What Is a Membrane?
A membrane is the outer layer of a cell that wraps around it to protect the inner material from the external environment. It is composed of protein and fat, and is semipermeable, which means selected molecules can pass in and out of it. The membrane is structured by the cell's cytoskeleton, the scaffolding inside the cell that gives it shape and boundaries. In many ways, the membrane of the cell functions in the same way our skin functions: it provides a barrier between our innards and the outside world, blocking harmful material from entering while also allowing needed nutrients in and certain waste to come out.
Function of the Membrane
The main function of the membrane is to moderate what materials pass in and out of the cell. It works by allowing material to pass either passively or actively through it to move items in and out of the cell. Passive movement, also known as osmosis, is effectively the effort-free way material can be passed: neither the cell nor the surrounding cells need to exert any effort to move material. Active movement implies that the cell, membrane and surrounding cells must use energy to move items through it. The semipermeable nature of the membrane typically allows only items the size of a protein molecule to pass in or out of the cell. Movement is spurred by a molecule's electric charge or pH.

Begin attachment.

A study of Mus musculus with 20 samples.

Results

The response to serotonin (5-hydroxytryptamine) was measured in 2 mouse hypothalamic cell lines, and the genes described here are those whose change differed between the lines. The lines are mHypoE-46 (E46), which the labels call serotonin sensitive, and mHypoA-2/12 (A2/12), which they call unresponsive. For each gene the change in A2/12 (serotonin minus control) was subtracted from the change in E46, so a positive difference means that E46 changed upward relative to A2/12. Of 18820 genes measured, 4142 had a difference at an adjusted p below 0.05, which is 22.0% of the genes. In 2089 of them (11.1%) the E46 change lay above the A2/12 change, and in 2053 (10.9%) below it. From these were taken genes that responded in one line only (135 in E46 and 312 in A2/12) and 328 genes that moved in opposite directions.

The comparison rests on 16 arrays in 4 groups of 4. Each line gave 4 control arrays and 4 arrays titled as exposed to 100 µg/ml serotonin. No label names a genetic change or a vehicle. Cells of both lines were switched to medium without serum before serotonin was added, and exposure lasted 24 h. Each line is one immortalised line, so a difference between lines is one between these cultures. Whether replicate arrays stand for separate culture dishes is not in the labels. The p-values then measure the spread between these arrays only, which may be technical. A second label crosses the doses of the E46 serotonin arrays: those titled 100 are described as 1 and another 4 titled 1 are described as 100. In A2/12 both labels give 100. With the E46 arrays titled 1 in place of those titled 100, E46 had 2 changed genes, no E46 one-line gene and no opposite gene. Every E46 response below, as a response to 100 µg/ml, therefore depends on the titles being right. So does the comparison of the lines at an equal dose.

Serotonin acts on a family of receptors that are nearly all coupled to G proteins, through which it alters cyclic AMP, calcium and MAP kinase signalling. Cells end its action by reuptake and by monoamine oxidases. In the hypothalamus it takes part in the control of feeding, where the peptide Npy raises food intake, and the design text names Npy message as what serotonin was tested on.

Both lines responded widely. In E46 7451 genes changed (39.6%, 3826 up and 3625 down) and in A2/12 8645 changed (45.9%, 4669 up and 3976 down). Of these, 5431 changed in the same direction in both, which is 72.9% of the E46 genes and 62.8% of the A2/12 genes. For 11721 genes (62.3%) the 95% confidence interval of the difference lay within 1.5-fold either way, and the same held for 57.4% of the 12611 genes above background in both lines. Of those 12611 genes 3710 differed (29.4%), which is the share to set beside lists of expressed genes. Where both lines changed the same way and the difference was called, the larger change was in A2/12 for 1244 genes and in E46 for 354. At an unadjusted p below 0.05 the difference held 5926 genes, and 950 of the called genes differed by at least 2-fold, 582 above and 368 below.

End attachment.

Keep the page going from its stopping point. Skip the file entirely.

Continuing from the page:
Another, secondary function of the membrane is to aid the cytoskeleton in providing structure to the cell. While the membrane relies on the cytoskeleton to give it shape and a framework, the membrane in turn also helps the cytoskeleton stay attached to the innards of the cell and connect it to other cells. This is called the extracellular matrix, and it is how cells stick together to create tissue, muscle, skin and other larger biological entities.
Cell Membrane and Disease
Membranes play a crucial role in the protection of cells, and the larger entities they form, from disease and destruction. Likewise, they play a crucial role in our health. The membrane is a cell's first line of defense, and certain diseases, like HIV, target the membranes of immune system cells and make them more malleable an easy to permeate. Other serious illnesses, like cancer and polio, are also linked to a weakening of the permeability of the membrane, allowing harmful material to pass into the cell and destroy it. Heart disease, one of the top reasons for death in the United States, is caused by cell membranes repairing themselves incorrectly.